Welcome to the Artzine

Can Cardiff truly be considered a cultural capital?

Those who only stop to take a cursory glance at Cardiff may glean little understanding of its cultural integrity. The throngs of hen and stag parties that pulse through the city’s heart, St. Mary’s street, costumed in the most bizarre manner, do little to dispel the myth that Cardiff is anything other than a Mecca for the liquor-thirsty and sexually hungry.

However, beneath the alcohol-soaked veil of city centre pubs and clubs, lies a wealth of cultural offerings that await your discovery.

The Welsh capital is home to a unique artistic bounty, in the form of galleries, theatres and independent nightspots – all of which deserve the attention of even the most culturally discerning critic or punter.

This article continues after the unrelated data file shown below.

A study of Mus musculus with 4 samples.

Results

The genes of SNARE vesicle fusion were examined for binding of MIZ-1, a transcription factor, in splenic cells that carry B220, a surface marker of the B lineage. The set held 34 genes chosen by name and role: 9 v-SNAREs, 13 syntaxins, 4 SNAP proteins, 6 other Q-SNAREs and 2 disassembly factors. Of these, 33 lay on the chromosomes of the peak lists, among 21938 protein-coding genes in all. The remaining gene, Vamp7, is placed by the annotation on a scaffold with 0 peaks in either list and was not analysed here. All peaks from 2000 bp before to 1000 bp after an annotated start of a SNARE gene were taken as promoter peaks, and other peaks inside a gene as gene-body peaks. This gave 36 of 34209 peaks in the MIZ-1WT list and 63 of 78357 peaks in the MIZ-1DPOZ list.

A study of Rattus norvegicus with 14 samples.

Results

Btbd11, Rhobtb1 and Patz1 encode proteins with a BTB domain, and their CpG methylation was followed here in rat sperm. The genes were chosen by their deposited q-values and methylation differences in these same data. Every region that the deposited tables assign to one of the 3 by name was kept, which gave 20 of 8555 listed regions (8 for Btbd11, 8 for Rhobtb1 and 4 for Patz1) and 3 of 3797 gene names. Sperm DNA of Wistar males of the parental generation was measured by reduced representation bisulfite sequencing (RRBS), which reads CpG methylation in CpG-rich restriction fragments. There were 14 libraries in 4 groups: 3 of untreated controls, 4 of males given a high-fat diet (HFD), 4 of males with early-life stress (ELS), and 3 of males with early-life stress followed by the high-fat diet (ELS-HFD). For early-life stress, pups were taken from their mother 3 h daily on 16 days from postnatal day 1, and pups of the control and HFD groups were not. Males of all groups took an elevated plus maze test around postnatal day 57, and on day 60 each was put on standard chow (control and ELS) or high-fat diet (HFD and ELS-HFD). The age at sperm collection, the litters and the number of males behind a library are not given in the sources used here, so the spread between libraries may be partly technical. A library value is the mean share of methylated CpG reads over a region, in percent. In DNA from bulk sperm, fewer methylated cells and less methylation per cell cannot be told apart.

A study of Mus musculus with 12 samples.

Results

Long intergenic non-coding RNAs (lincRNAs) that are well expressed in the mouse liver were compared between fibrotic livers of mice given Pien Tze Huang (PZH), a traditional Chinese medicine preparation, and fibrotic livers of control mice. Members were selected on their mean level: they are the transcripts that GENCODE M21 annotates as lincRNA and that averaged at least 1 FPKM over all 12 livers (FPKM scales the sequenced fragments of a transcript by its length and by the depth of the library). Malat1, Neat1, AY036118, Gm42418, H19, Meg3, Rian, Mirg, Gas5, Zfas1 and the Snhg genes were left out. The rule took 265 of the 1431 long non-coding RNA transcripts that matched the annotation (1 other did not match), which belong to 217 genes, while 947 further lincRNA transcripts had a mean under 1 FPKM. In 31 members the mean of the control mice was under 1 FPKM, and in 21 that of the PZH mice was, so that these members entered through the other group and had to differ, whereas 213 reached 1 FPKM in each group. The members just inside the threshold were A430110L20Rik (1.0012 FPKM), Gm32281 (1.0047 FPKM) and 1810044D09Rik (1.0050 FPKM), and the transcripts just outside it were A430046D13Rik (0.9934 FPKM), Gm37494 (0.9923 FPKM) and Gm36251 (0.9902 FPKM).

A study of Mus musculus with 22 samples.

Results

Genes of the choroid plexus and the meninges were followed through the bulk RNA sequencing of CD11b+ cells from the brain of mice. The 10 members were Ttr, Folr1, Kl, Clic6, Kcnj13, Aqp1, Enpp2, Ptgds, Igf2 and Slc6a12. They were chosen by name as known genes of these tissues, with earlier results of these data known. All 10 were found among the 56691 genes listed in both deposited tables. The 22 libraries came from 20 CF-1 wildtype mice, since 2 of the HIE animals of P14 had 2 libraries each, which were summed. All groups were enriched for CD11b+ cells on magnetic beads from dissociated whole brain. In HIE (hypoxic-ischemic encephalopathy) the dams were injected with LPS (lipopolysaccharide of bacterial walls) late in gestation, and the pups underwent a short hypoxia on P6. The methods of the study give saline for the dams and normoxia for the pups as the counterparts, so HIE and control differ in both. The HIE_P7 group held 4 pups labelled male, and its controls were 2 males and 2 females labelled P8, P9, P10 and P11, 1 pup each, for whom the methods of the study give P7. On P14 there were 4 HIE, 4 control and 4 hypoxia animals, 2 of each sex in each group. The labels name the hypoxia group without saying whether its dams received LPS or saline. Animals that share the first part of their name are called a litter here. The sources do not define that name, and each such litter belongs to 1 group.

Indeed, Cardiff is seemingly one of only a few UK cities to benefit from investment in major arts venues in recent times. In the past year alone, the Royal Welsh College of Music and Drama has reopened its doors following a £22.5 million renovation, and The Sherman Theatre has entered the final stages of its £5.4 million facelift.

Will major projects like the Royal Welsh and the Sherman serve to bolster Cardiff’s reputation as a capital of culture, or has the current economic austerity inflicted irreparable damage on smaller arts projects, which may already have stalled the city’s ascent to the fore of the UK arts scene?

Artzine Cardiff is here to interrogate Cardiff’s arts scene, and provide you – the judicious reader – with a guide to the various cultural goings on jostling for your attention in the coming months.